The federal government has stated that Nigeria records 830 daily fatalities among pregnant women during childbirth, totaling about 302,950 yearly.
It also estimated that Nigeria recorded 289, 000 maternal deaths and maternal mortality ratio (MMR) of 210 maternal deaths per 100, 000 live births in 2013.
The government also said that Nigeria accounted for 13 per cent of all maternal deaths in 2013, adding that the maternal mortality ratio for Nigeria was 814 per 100,000 live births in 2015.
These statistics were contained in a speech made by the Minister of Health, Dr. Osagie Ehanire, at the regional workshop to disseminate results of research projects on maternal and child health within the Economic Community of West African States’ (ECOWAS) region.
Ehanire, who was represented by the Director of Health Planning and Statistics, Ministry of Health, Dr. Ngozi Anazodo, said: “Nigeria constitutes just one percent of the world population, but accounts for 13 per cent of the world maternal and under-five mortality.
Every day, approximately 830 women die from preventable causes related to pregnancy and childbirth. For every woman who dies in childbirth, a lot more suffer injuries and other form of morbidities.”
He lamented that research and essential interventions would have averted most of these deaths in the country.
“It is obvious that we need evidence to combat the burden of maternal and infant mortality, research and development that focus on safe pregnancy, antenatal and delivery, post-partum maternal care, newborn and infant health’s remains an integral part of the solution to Nigeria’s poor indicators in these areas,” the minister said.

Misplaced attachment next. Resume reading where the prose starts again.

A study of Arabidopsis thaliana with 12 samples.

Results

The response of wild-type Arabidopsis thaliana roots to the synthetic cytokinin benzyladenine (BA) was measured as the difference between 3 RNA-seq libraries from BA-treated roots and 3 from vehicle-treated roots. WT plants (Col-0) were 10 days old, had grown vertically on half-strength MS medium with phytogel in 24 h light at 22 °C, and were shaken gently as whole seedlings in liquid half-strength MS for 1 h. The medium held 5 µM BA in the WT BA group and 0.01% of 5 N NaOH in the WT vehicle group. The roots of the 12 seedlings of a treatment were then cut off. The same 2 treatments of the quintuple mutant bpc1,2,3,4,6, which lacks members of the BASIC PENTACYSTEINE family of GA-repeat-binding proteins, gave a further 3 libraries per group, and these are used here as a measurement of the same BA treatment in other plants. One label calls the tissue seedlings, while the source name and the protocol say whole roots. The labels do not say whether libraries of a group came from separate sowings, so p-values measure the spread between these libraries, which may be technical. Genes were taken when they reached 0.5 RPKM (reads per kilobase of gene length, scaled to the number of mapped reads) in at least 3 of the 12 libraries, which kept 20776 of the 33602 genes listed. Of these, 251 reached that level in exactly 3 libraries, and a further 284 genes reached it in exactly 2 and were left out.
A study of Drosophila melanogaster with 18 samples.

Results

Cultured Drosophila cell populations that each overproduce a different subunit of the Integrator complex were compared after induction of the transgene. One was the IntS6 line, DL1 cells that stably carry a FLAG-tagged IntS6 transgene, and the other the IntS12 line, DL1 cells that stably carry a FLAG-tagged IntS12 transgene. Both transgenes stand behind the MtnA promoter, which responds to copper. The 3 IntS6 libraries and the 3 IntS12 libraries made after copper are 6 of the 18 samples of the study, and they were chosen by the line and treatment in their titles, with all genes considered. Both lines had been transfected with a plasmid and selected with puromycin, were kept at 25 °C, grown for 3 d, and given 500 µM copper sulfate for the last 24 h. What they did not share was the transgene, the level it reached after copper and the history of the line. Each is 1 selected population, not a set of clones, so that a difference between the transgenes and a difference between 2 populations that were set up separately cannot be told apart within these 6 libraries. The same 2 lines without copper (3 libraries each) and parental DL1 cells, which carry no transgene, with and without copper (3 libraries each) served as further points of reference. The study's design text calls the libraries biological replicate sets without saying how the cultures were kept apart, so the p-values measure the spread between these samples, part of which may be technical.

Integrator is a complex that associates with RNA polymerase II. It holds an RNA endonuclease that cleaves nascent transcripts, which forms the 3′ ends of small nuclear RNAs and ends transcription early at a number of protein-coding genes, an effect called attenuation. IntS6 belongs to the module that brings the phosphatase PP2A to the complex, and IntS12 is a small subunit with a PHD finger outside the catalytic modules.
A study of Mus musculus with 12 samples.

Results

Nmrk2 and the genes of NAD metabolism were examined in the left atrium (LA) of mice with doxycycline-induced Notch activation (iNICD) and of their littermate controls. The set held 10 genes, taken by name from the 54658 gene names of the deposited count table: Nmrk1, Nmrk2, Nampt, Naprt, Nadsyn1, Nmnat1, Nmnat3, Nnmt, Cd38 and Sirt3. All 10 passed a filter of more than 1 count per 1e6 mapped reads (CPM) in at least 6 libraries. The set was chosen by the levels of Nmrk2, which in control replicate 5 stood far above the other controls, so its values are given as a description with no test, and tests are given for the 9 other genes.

He also said that increased understanding of health-seeking behaviors would go a long way in reducing maternal and child morbidity and mortality in the country.
Ehanire further stated that the federal government has invested significantly in reproductive and child health, which accounted for progress that has been made so far.
The minister, however, emphasised that Nigeria would not make progress against existing and emerging global health threats that impact directly on mothers and children without critical investment in research.
The multilateral funded project was initiated by Canada as “Innovation for Maternal and Child Health in Africa (IMCHA), is aimed at improving the demands for the production and use of evidence in decision-making in maternal, newborn and child health in the ECOWAS region.”
The project is being undertaken under the auspices of the West Africa Health Organisation (WAHO).
The minister expressed hope that the outcome of the research would get to the end users and influence the way they provide services even at the primary health care level.
The Director General of the WAHO, Dr. Stanley Okolo, commended the research teams for successfully concluding its assignment that involved 36,000 households and monitoring of 25,815 pregnancies.